I was relatively unfamiliar with Strindberg’s lesser known play Creditors, I only knew that the sensational Anna Chancellor had starred at the Donmar Warehouse in Alan Rickman’s production (can’t believe I missed that one!) back in 2008. So I was interested to catch it at the Brockley Jack Studio – who recently took home the deserved title of ‘Most Welcoming Theatre in South East London’ at the OffWestEnd Theatre Awards.
Directed by Ross Drury, in a new version by Neil Smith, he revives this dark tragicomedy that revolves around 3 central characters and portrays the destruction that jealousy and revenge can do.
The action is set in a stark hotel room, Adolph (Tice Oakfied), a boyish floppy haired artist is sculpting a figure when he is joined by a new friend Gustav (Paul Trussell). Clearly of fragile mind, Gustav slowly begins to poison him against his wife, filling his head with thoughts of betrayal and infidelity and convinces him she is stealing his soul and he is losing himself to her. He plays on his vulnerabilities in scenes not to dissimilar from Iago in Othello and as Adolph’s mental state begins to unravel, akin to the Moor, you sense an impending violent end.
His wife, Tekla (Rachel Heaton), is a successful novelist and full of sexual prowess. When she returns from a week away with work, Adolph pushes her for answers of what she’s been up to whilst she’s been away in the company of young actors. Gustav is hiding in the bathroom ready to pounce the moment Adolph gets her to confess. His main insecurity is her ex-husband whom he stole Tekla from, and he subsequently became transformed into a character in one of her ‘vampire novels’, she ridiculed him and it becomes apparent that in fact Gustav is her ex; now a creditor, come to claim what he feels he is rightfully owed.
This realisation perhaps lost some of its shock factor due to Adolph’s surfacing schizophrenic behaviour, you began to wonder whether Gustav was a figment of his imagination and the tale would take an exciting twist. Instead it was a bit of an anti-climax which was reinforced by Trussell and Heaton’s stilted onstage relationship. It felt a touch implausible that such a sassy, powerful woman would fall for a man a little un-sparkling, especially in his attempt to seduce her at the end.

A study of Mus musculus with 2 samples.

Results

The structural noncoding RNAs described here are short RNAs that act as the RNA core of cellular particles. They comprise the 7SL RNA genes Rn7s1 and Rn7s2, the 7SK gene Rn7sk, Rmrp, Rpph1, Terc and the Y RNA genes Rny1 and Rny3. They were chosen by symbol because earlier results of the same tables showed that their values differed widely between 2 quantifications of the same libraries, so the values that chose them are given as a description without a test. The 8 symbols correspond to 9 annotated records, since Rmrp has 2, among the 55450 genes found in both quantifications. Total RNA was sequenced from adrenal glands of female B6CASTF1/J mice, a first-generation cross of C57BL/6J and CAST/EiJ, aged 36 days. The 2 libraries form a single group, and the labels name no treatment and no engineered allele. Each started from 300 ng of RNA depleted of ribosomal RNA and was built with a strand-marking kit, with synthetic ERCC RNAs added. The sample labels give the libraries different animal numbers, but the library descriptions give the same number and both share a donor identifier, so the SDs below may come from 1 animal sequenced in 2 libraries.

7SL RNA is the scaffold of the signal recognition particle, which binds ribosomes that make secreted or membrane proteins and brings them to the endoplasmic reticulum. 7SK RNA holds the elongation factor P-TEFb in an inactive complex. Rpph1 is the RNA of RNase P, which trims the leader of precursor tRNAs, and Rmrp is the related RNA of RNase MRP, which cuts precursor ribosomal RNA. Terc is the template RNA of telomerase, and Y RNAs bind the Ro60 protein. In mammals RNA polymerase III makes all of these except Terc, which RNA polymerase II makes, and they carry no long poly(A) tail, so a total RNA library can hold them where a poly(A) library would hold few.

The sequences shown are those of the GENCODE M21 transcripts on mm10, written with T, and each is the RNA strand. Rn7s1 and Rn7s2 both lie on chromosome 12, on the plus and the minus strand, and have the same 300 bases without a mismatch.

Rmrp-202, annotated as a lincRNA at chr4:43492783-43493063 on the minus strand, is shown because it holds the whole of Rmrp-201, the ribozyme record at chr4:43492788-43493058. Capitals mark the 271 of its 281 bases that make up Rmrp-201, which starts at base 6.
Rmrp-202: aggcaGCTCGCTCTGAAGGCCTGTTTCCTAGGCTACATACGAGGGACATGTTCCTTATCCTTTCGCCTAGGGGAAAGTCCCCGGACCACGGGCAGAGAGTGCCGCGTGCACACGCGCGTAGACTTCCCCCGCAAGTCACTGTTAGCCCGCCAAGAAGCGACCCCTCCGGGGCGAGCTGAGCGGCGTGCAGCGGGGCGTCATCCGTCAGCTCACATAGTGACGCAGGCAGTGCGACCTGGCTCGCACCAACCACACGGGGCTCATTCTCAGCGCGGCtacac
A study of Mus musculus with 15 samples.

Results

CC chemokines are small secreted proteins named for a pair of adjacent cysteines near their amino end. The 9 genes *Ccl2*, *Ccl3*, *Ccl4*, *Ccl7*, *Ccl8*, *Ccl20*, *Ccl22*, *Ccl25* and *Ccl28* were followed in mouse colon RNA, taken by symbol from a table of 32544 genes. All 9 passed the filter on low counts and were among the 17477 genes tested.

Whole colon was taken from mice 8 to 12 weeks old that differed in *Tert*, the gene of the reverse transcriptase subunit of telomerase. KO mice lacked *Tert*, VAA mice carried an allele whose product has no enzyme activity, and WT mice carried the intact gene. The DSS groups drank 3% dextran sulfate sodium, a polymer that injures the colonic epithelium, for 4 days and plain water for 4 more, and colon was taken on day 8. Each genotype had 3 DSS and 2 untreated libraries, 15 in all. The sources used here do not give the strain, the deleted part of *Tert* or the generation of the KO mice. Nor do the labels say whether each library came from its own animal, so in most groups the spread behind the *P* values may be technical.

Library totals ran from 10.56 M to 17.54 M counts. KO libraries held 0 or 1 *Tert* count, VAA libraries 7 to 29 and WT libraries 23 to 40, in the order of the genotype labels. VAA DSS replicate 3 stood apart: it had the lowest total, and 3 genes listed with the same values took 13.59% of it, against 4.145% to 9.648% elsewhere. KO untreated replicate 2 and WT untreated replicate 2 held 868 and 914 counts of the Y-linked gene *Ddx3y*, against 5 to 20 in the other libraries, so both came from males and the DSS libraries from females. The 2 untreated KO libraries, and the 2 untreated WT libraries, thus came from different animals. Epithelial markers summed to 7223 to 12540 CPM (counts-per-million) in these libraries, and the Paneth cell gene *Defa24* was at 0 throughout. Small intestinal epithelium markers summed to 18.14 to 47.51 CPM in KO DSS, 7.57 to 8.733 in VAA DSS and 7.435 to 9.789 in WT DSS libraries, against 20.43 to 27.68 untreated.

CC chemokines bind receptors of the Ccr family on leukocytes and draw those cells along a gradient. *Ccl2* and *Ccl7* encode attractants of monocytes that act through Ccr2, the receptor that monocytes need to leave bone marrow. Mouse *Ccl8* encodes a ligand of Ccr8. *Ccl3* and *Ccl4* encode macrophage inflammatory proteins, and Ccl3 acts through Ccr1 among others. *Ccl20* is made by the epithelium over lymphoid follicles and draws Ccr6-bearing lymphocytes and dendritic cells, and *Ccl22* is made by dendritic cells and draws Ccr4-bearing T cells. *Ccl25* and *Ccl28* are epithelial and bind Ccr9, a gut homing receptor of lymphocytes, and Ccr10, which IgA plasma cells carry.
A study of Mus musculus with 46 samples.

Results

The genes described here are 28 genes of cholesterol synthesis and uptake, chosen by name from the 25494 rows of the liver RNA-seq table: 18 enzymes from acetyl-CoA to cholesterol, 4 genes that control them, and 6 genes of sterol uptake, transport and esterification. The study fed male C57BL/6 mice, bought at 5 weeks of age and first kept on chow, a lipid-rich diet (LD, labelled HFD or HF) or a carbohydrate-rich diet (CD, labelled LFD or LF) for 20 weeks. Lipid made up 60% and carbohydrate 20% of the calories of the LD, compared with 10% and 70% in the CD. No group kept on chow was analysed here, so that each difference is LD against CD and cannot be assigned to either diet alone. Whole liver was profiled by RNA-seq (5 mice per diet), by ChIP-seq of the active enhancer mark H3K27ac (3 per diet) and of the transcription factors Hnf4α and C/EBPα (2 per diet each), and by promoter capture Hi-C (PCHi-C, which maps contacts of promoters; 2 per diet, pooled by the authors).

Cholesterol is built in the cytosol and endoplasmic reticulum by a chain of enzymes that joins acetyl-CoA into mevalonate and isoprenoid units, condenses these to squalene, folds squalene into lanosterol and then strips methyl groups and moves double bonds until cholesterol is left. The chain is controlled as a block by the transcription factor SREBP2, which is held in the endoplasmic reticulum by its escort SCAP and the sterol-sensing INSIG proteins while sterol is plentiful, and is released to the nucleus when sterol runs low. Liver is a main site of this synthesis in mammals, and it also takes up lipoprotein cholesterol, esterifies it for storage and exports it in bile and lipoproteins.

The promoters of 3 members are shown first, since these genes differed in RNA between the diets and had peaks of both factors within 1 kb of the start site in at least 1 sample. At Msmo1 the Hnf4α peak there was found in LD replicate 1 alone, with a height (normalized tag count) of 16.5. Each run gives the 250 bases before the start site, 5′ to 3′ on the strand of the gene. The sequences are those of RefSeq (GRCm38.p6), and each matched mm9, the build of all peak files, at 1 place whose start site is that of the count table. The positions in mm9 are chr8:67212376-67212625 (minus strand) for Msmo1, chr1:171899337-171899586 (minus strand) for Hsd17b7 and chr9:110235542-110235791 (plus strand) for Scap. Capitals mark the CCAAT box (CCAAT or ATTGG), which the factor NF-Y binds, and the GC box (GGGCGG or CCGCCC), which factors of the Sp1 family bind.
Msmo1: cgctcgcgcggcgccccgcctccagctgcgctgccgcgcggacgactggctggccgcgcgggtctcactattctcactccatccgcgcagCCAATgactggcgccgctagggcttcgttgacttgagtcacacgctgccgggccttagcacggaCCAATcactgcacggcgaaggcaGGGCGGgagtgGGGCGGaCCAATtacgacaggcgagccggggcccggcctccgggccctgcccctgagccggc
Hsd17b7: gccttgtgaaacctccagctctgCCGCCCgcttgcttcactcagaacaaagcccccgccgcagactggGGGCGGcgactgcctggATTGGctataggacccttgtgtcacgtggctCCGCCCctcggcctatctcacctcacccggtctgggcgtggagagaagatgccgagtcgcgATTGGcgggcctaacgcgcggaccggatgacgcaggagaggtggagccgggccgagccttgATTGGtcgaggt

On the other hand, Oakfield’s portrayal as the credulous artist really captures a struggling man who is faced with his own internal demons, at times he provides a much needed comic element to lighten the heavy drama. However the real star is Heaton as Tekla, a tour-de force who faces her own insecurities of growing old and losing her beauty. Her scenes with Oakfield as she asserts her sexuality were a little hard to watch, their little nicknames and cat purring ‘Pussy wants little one’… were uncomfortable, especially when you’re watching with your brother!
My main qualm with this production lies in its intensity, in fact at times it’s so intense it makes it difficult to relate to any of the characters and get a grasp of what’s going on. There’s an underlying economic element with brief mention and sound bites of an economy collapse and savagery on the streets, bankers are being murdered and that felt out of place and not necessary, there was enough drama going on in the hotel room.
Leah Sams’ set design, as always at the Brockley Jack, is incredibly strong and professional for an off-West End theatre. The stark hotel flooring and essence of an artist studio provides an uncluttered view to allow the dark drama to unfold without any distractions.
Overall this production of Creditors is an intense watch which sadly feels a little over complicated at times. Perhaps it’s down to my unfamiliarity with Strindberg’s work, but it’s worth the watch alone for Rachel Heaton’s captivating performance.
Reviewed by Becky Usher
Photo: Andreas Grieger
Creditors runs until 11th April at the Brockley Jack Studio.